I read an article last night called “What does Sensory Processing Disorder REALLY mean?”–the first point resonated with the topic of today’s post:
Sensory processing disorder means never knowing how your child is going to feel from day to day.
This truth used to overwhelm me on a daily basis. I was bracing myself every day, hoping and praying that Benji would have a “good day.” We could go for 2, 3, 4 days and he would be happy, eager to learn, help, and listen. Other days, we struggled long and hard for hours on end.
It seemed like he would just randomly fall apart, melt down–it was so unpredictable. And the aftermath of a sensory trigger could last minutes…or hours.
My nerves were stripped raw. Some days I didn’t want to get out of bed and do it all over again.
After the terrifying meltdown at church, I started being more vigilant about trying to figure out what caused Benji to overload and shut down.
It was difficult–I would look into our days and weeks and put my finger on the activities or events that I thought would be a struggle for him, but I would still guess wrong. He would do fine at the doctor’s appointment and then have a tantrum about trying a new food at dinner.
In May we went to Busch Gardens with my brother. We were all looking forward to a day at the amusement park, but Aaron and I were bracing ourselves.
You don’t get much more sensory overload than crowds, loud rides and music, spinning, swinging, plunges, and unpredictable food and schedules.
I mean, people who don’t have SPD get sensory overload at amusement parks! We were ready to have a good day but we were planning for a meltdown.
As we fell into our hotel beds that night, we were mutually shocked and surprised–Benji had a great day! Not a single meltdown. Sure, he had refused some rides. No roller coasters for him! But that’s pretty normal for any 7 year old. He handled everything so well! Maybe, just maybe, we avoided the pitfalls of SPD today.
It was not to be. The next day he crashed long and hard. He didn’t have a violent meltdown like he did in church but the Crash lasted all day.
He was in a very bad mood, grumpy and irritated at everything.
He wouldn’t obey or come when he was called.
He wouldn’t/couldn’t listen to directions.
He refused to talk most of the day and would only make grunts or sad-puppy whines.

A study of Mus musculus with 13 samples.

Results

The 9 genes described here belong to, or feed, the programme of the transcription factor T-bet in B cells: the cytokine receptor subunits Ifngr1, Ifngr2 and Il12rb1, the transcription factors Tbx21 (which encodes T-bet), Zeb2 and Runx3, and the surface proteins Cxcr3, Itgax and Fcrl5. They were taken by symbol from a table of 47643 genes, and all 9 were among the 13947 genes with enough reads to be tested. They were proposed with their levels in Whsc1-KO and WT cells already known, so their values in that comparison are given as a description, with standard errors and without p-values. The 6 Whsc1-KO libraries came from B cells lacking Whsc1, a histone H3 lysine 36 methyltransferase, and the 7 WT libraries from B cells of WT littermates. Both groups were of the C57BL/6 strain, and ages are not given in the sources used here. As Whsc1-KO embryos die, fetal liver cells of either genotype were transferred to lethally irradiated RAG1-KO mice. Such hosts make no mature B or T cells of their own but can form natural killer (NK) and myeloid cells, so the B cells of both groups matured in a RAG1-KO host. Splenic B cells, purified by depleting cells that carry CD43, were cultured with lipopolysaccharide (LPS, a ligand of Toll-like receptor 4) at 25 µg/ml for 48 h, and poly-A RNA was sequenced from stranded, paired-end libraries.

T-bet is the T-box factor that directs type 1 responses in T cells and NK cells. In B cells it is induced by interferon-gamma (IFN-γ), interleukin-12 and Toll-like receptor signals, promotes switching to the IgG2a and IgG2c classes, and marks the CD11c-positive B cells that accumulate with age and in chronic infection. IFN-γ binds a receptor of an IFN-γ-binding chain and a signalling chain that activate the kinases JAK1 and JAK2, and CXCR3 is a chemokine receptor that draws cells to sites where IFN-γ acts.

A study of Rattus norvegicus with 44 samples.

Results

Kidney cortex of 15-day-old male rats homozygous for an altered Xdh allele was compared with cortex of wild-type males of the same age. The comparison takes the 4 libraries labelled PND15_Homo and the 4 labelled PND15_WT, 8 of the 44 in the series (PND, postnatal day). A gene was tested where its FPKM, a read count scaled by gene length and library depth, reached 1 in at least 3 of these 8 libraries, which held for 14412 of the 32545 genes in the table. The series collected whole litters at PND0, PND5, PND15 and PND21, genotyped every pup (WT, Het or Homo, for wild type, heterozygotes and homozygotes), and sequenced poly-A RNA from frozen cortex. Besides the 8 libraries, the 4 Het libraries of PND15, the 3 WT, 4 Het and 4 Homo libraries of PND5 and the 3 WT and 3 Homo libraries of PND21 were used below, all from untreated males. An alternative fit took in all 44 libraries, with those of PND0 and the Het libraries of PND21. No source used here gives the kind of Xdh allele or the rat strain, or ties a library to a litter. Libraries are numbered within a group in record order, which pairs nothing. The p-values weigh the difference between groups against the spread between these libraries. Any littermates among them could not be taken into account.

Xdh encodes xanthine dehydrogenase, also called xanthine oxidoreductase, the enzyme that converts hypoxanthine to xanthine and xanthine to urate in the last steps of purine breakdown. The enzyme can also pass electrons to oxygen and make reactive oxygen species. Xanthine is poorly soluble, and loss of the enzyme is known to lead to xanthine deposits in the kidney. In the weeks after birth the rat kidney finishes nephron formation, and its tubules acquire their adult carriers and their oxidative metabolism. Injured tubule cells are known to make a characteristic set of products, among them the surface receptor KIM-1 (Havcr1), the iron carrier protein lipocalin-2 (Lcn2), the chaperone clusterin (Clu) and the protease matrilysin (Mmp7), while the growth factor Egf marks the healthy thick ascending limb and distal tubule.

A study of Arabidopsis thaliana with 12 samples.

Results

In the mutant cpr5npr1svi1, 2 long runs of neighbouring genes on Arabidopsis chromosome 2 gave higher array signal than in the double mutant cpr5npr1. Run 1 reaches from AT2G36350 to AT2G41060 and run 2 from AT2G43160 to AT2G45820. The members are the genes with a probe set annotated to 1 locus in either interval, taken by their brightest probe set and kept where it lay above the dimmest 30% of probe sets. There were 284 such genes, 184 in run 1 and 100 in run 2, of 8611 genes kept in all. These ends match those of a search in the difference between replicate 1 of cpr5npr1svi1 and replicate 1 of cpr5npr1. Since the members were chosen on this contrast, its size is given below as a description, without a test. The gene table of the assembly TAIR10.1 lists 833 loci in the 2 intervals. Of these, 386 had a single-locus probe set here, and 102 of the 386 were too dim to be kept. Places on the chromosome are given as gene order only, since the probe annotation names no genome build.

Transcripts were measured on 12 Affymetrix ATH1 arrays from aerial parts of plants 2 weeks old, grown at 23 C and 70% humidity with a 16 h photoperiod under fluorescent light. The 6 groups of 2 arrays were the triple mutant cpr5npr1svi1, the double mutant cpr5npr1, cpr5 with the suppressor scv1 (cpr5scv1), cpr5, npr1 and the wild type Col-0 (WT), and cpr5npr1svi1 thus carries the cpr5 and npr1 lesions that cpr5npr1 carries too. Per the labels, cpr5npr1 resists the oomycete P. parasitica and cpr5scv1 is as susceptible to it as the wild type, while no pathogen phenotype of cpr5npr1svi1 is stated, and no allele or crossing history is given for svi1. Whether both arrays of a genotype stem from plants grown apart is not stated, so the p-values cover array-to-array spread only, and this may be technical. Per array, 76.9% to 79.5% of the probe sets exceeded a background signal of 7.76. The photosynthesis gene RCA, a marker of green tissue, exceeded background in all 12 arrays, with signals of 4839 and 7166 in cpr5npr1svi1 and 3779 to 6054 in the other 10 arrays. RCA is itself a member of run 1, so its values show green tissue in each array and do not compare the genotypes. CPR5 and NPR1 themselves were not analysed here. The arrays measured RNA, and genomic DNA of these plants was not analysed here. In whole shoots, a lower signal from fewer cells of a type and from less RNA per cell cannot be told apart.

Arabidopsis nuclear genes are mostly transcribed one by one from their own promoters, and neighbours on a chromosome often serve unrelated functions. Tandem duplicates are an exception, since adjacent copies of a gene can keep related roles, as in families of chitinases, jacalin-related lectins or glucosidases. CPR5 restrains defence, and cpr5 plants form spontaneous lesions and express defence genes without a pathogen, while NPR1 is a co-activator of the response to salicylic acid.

On one hand, I really understood. We thought the crash was coming, as much as we hoped it wouldn’t. But on the other hand, it was exhausting and frustrating, especially since my brother took us to see the ships at the Naval Base where he worked–a rare and awesome experience that we wanted the boys to enjoy and remember.
Overall, it was a pretty miserable day. The bad mood spread, more contagious than a head cold.
But bad moods eventually fade, and the next day was better. Our day at Busch Gardens confirmed what we have been observing for a few months: Sensory overload results in a reaction of some sort, either in the moment or sometime in the near future.
I’ve realized it is a lot like negative emotional experiences: You can either process and deal with stressful or negative emotions now, or the emotions will come out sideways in the future, maybe even more strongly, and always in a more confusing way.
I think this is why we often feel blindsided with Benji’s SPD: we don’t always know how he is processing sensory information or what he has experienced through the day, especially at school.
But we’re learning.
…learning that after he got his teeth cleaned at the dentist (and did great!) that he was understandably frazzled and emotionally sensitive for the rest of the afternoon and evening.
….that when we went to the lake for a big day of fishing and swimming on Saturday, that I probably shouldn’t have invited people over for dinner on Sunday (huge meltdown that night).
…that I was not surprised to get a phone call on the 2nd day of school because the high of the first day of school was predictably followed by a low.
Dealing with the lows is exhausting and disheartening but realizing that they are on the horizon has helped me to be more understanding of my son’s needs and why he is acting out at certain times.
We’re learning to recognize the signs and plan for the [un]predictability of SPD.